The last several weeks we have been going through how to conduct a needs assessment to know what training is needed. For the next few weeks we will talk about preparing for training. As before I will take you through several steps or phases of that preparation. Those phases include:
- Developing curriculum
- Preparing the space and equipment
- Getting materials ready
- The day of training
This phase is about developing the curriculum. This is not intended to be a short course in instructional design – because there is no such thing. Developing effective curriculum takes hours of training for a designer and years of practice to develop their craft. This post is intended to give a trainer some hints and suggestions about potential trouble spots to watch for that may make your training less than effective for your learners. Some of it you might do yourself and some would be a conversation with an instructional designer (assuming you’re not doing it all yourself).
The curriculum you will use in your training can come from several different sources. It may be a package that you purchased from a vendor for this topic, it may be something that was developed in house previously as part of regular training, or it may be training curriculum that you are developing from scratch to meet this need. Regardless of where the training content comes from, there are several things you should do with it before you present it to learners.
First, do the learning objectives/outcomes align with both the needs uncovered in your survey and the company’s values and mission? Too often packaged curriculums were actually written for another business or purpose and then resold to further monetize the time spent developing it. It isn’t that there is anything wrong with that curriculum – it just may not be fully aligned with your needs. If the curriculum was developed previously within your company, your company’s mission/vision/values may have changed over time and what you will be teaching may not be in sync with current mission, processes or procedures. A review of the learning objectives/outcomes before you began may save you from having to adapt while in front of learners. Also, remember that it isn’t just the statements that need to be reviewed but also the examples and activities may need to be tweaked to match current needs.
Activities and Examples
Second, do the activities and examples in the content match the current processes and procedures? Even if the activities and examples are aligned with learning objectives and outcomes, the actual processes the learners will be doing may have changed.
I was training in a call center a few years ago, and the process and pictures for answering a call were for a previous phone system. It had no value for the learners I had in my class. I had to develop a new set of instructions with pictures for that particular module. While what I developed wasn’t a major part of a seven-day training, it was a huge part of the success or failure of my learners when they got to the floor. Not to mention that being able to walk them through what they were going to be doing for real in two weeks reduced some of the stress in an already stressful situation.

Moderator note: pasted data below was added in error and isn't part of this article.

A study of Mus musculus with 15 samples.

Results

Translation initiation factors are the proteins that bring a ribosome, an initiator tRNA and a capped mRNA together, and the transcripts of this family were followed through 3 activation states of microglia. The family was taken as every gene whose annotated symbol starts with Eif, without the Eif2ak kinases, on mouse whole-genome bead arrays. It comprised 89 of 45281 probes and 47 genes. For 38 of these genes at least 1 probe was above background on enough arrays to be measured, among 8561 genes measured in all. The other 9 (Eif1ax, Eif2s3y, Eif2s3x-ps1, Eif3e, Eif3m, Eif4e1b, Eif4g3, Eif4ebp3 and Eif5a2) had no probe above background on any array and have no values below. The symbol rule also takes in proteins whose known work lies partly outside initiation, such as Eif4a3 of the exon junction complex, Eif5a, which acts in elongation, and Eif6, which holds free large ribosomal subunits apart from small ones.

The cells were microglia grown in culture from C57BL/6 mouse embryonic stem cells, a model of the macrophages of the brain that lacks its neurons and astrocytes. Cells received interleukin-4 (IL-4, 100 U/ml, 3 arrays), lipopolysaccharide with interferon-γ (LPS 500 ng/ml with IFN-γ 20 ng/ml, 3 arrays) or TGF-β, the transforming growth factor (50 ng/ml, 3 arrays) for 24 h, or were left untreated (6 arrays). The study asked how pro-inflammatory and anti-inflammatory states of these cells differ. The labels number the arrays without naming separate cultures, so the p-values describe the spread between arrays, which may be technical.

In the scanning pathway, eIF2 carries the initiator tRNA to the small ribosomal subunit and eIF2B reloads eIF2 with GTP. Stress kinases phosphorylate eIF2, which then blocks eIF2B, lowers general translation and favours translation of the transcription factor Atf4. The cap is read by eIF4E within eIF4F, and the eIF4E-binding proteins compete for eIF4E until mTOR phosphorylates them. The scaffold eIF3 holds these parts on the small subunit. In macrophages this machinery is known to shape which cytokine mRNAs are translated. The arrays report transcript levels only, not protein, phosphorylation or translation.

Using current examples that are laid out similarly and have the same words in the same place helps learners to retain knowledge. The exactness required may even be down to the same colors of buttons or areas on forms.
Again, at the call center I would give my learners practice scenarios as close to the real thing as possible. Using those scenarios in a classroom setting allowed us to stop in mid-scenario and brainstorm other options to handle difficult situations. We started with some easy situations and built to some that had no good resolution. This helped them to work through hard problems without worrying about lasting effects on someone’s life.
Another thing to check – do you have the right to make changes to the curriculum. Some curricula are sold in such a way as to prohibit changes. Also, there may be a training department further up the chain of command that controls that content being delivered across several different locations. It isn’t unusual for all changes to have to be approved by this higher power. Finally with copyright, be sure that you can use the images, examples, and documents you are adding. In a training situation, you do have the right to fair use of outside materials. Talk to someone with a good knowledge of copyright laws before adding materials you find through an Internet search to your curriculum.
The last step in developing/adapting a curriculum is to beta test the curriculum on a group that is similar to your learners. Beta testing on other trainers isn’t always a good idea; they may read steps or concepts into your material that aren’t there. If they do, you may not get an accurate evaluation of your curriculum. Try to find a group for your beta test that is similar to your learners (with a similar background knowledge and skill set) you will have more useful feedback about your curriculum. Be sure to understand and use the feedback to improve your curriculum before presenting it to your learners.
I’m sure I left out some details but this should give you a good start on developing your curriculum for training.